Oak Flats roller rink closes over same-sex kissing controversy

Maddie Dellosa and Amy Hudson were asked to leave the Oak Flats skating venue, where signs on the entryway now announce the business' closure. Picture: supplied

Maddie Dellosa and Amy Hudson were asked to leave the Oak Flats skating venue, where signs on the entryway now announce the business' closure. Picture: supplied

Operators of an Oak Flats business have shut up shop and gone to ground over threats leveled in the aftermath of an allegedly homophobic incident. 

The Oak Flats Roller Skating Rink was inundated with online abuse and phone calls after a same-sex couple reported they were asked to leave the Industrial Road venue for “pecking” one another in view of an offended parent on Friday night. 

By Monday the venue had shut down its Facebook page and parts of its website, advising the business had “closed permanently due to concerns for the safety of our staff”.

The couple, Maddie Dellosa and Amy Hudson, both 20, of Kiama, were attending the rink on a date. 

A notice on the entrance to Oak Flats Roller Skating Rink. Photo: Robert Peet

A notice on the entrance to Oak Flats Roller Skating Rink. Photo: Robert Peet

Ms Dellosa says the couple’s physical contact was limited to “a few pecks – nothing over half a second” and “hands that didn’t go anywhere other than each others’ hand or face or back” before they were were approached by a manager shortly before 9pm Friday. 

“I was going to the toilet and [Amy] was going to the car. We pecked on the lips and I turned around and saw the manager coming towards me. He said, ‘ladies, I’m going to have to ask you to stop that’,” Miss Dellosa told the Mercury

“I felt my blood boil. 

“He said he’d had a complaint from a parent that it wasn’t appropriate in front of children. 

“He said, ‘I don’t care if boys kiss boys or whatever, it’s just not tolerated here, it’s a family venue’.

Scores of people left one-star reviews and abuse on the rink’s Facebook page, which was quickly taken down.

Scores of people left one-star reviews and abuse on the rink’s Facebook page, which was quickly taken down.

“That was when Amy grabbed my face and kissed me on the lips. 

“He said, ‘right, now I’m going to have to ask you to leave’.” 

Miss Dellosa and Miss Hudson have also been abused over the encounter. 

Online detractors have suggested they were verbally aggressive towards the manager and one claims they were “all over each other” at the family-friendly event. 

Miss Dellosa admits the pair became upset and angry once confronted. She said they threw their hire skates in the bin and she swore at the manager repeatedly before departing.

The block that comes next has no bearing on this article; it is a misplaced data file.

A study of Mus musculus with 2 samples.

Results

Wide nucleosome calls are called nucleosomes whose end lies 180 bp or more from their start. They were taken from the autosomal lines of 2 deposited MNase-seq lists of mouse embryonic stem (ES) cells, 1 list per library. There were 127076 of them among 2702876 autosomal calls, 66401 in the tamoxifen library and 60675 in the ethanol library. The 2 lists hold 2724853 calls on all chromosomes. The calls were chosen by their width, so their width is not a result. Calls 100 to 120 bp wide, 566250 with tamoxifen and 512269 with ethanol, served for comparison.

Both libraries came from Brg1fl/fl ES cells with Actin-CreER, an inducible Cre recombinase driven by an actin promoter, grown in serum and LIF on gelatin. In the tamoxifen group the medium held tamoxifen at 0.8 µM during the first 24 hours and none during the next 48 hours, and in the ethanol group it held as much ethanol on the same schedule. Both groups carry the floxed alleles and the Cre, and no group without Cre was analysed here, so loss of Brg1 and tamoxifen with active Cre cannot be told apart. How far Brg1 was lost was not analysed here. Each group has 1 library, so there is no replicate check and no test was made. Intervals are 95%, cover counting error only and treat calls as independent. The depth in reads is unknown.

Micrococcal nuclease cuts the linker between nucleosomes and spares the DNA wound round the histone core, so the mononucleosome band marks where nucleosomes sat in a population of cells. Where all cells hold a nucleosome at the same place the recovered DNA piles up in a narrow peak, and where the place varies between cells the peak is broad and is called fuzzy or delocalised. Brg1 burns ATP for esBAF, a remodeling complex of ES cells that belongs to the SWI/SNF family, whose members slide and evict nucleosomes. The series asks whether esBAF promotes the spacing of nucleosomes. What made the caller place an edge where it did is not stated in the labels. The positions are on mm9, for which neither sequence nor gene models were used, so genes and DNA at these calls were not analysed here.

“We moved towards the exit to cause less of a scene,” she said. 

“I said ‘F-you’ to three times to him, with tears streaming down my face, shaking in embarrassment and anger. The sense of inequality really hit me.” 

But she denies their earlier behaviour was unsuited to a family environment. 

A notice on the venue's website advises the closure.

A notice on the venue's website advises the closure.

“It’s a family venue –  I see that, and I see that it’s not appropriate for teenagers or anyone of any gender to be all over each other. If I was doing that, I would agree it was fair of him to ask me to leave, but this was not what this was,” she said. 

“We were giving a quick peck before we went to do whatever we were going to do, and no one can tell me that he would ask a straight couple to [stop] that if a parent complained.” 

The pair briefly returned to the rink to claim a refund. 

Later that night, they wrote about the encounter on their Facebook pages, and left one-star reviews on the rink’s Facebook page. 

By Sunday, their stories had been widely circulated online. 

Scores of people left one-star reviews and abuse on the rink’s Facebook page, which was quickly taken down.

The Mercury understands threatening messages left on the rink’s answering service – “you’ll get yours, it’s coming” - promted the operators’ decision to close the venue. 

Miss Dellosa says she condemns those who made the threats. 

“I don’t think that’s right. I’m really angry and whoever did that. It’s not how I wanted the situation handled. I never suggested anyone do that, I simply opened up and told people of my experience.” 

The rink is owned by one-time world champion speed skater Lee Fanning and her husband, Danny Fanning. Mrs Fanning was overseas when the Mercury attempted to contact her on Monday. 

Mr Fanning declined to comment, citing legal advice.